When my husband and I were first married, a Catholic home-educating friend, Debbie Brock, introduced me to Phil Lenahan's Finances for Today's Catholic Family (updated title: The Catholic Answers Guide to Family Finances). This book served us well and gave us a proper understanding of budgeting in relation to Church teaching, tithing, and the need to always pay off our credit cards right away (my husband was already aware of the latter). Eventually, we simply incorporated the principles and stopped budgeting.
This spring and summer, I was constantly telling my husband, "We can't pay this bill or that bill until your paycheck arrives." A friend, who was completely unaware of my comments and the stress that I was unknowingly inflicting on my husband sent an email to our homeschool group with the subject, "Budget is Not a Four-Letter Word". She was recommending You Need a Budget. We started using YNAB Pro in October. After receiving our bank statement, I entered the balance from checking and savings into their respective categories. When our credit card bills arrived, I entered those purchases (some were made in September) under the specific credit card categories, transferring the payment in checking and recording the purchases in our budget. I tried to make sure that our budget equaled $0, but I overspent a little bit in two categories. October showed me the total of my husband’s income (I already knew this number in my head) and what we needed to budget in each category in November. It also made me aware of the fact that money spent on our credit cards was truly spent.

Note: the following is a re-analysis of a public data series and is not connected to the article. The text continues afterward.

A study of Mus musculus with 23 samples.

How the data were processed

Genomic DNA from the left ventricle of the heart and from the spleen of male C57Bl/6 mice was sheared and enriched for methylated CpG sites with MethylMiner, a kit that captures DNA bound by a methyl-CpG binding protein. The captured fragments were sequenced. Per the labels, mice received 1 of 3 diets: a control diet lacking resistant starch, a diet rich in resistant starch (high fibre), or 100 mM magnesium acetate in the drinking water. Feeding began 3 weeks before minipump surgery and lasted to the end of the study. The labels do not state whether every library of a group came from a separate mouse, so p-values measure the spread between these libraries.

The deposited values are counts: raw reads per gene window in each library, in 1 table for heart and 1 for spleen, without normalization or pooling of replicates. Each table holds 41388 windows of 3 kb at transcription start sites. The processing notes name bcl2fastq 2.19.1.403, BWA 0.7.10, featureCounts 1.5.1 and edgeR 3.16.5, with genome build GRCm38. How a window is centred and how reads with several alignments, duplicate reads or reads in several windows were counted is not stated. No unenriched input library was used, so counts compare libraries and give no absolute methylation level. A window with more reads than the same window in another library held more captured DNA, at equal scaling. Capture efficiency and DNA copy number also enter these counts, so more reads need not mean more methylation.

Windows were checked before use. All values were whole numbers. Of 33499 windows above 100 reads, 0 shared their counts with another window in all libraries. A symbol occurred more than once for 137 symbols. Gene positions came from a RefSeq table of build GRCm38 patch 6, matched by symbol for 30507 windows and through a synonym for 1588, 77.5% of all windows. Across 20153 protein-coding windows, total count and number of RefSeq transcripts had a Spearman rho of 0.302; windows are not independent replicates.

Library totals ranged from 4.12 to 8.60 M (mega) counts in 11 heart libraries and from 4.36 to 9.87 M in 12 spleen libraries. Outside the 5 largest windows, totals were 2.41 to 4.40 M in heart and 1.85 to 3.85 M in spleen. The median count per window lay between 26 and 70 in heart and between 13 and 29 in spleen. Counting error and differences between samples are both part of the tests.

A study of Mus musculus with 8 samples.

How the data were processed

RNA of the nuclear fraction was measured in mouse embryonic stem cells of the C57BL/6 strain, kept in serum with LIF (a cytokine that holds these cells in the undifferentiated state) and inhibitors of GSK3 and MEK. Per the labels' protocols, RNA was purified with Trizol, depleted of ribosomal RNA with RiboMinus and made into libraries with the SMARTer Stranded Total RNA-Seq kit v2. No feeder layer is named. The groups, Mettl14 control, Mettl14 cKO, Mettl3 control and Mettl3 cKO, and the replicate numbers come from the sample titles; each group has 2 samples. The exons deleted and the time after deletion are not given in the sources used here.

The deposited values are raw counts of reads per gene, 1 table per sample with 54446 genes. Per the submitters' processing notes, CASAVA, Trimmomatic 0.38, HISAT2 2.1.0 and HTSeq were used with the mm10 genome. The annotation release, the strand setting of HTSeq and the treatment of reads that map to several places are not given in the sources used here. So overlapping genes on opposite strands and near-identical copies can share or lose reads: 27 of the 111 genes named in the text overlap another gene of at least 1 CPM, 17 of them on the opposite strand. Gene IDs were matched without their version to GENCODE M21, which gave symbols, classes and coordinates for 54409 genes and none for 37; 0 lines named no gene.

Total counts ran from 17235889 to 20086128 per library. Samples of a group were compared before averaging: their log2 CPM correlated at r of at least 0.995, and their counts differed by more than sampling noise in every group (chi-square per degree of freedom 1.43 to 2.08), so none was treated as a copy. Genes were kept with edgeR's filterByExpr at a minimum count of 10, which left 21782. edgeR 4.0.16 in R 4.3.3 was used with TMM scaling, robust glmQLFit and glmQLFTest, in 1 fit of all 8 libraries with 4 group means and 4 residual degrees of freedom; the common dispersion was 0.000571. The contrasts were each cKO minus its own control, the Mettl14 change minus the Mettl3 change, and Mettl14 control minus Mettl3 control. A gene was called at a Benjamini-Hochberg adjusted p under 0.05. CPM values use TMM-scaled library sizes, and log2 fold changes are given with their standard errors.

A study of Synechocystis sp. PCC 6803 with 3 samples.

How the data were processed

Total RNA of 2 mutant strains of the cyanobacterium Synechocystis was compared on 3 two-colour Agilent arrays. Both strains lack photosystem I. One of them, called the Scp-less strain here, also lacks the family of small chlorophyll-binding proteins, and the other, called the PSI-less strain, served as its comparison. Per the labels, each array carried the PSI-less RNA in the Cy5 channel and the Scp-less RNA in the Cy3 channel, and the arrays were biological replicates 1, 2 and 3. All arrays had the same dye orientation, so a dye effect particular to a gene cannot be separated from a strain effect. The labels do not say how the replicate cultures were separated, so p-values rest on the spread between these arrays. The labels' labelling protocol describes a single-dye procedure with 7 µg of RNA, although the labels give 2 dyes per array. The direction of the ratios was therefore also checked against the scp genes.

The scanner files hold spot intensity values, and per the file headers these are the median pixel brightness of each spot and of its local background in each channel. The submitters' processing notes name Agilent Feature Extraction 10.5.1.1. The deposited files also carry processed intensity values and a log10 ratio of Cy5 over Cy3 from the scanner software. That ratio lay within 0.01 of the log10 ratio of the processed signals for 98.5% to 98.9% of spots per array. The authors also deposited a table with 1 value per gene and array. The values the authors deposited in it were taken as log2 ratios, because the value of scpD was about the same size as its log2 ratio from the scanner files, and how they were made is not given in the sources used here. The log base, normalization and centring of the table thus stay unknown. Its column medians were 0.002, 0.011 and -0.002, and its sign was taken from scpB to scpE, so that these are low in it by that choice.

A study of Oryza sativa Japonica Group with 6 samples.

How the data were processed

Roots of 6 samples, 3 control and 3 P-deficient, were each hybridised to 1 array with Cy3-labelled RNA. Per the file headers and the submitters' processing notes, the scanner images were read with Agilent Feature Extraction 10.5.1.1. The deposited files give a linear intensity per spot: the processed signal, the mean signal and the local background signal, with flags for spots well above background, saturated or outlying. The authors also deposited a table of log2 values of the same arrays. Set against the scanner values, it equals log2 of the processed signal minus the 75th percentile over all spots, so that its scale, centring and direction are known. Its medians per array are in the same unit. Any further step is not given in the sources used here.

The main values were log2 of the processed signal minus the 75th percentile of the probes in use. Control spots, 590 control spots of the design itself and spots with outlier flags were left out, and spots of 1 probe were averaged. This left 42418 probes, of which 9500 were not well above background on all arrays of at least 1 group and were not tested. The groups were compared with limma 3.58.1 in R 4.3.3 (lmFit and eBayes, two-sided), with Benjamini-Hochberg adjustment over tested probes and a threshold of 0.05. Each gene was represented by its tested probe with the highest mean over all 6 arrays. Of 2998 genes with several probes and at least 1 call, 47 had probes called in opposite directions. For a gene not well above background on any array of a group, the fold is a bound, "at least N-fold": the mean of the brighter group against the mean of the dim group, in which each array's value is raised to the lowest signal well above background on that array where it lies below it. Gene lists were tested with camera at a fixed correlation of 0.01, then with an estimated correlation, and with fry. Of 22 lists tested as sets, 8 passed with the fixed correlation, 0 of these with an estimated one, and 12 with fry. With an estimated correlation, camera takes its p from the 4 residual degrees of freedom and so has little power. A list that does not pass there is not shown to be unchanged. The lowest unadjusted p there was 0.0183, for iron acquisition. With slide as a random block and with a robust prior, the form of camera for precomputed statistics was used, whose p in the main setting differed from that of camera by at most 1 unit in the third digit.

Prior to using YNAB Pro, I had no idea what our credit card bills would be. We always paid them off, but not without a little juggling and stress. This month, I know what our bills will be in December and we will be able to pay them off without any stress.
Thanks to You Need a Budget (and the principles that I learned from Phil Lenahan), we have taken our first baby step towards not experiencing financial stress. Now, we need to start working on Rule 1: Stop Living Paycheck to Paycheck; we need to start making a buffer.
This is an unsolicited recommendation.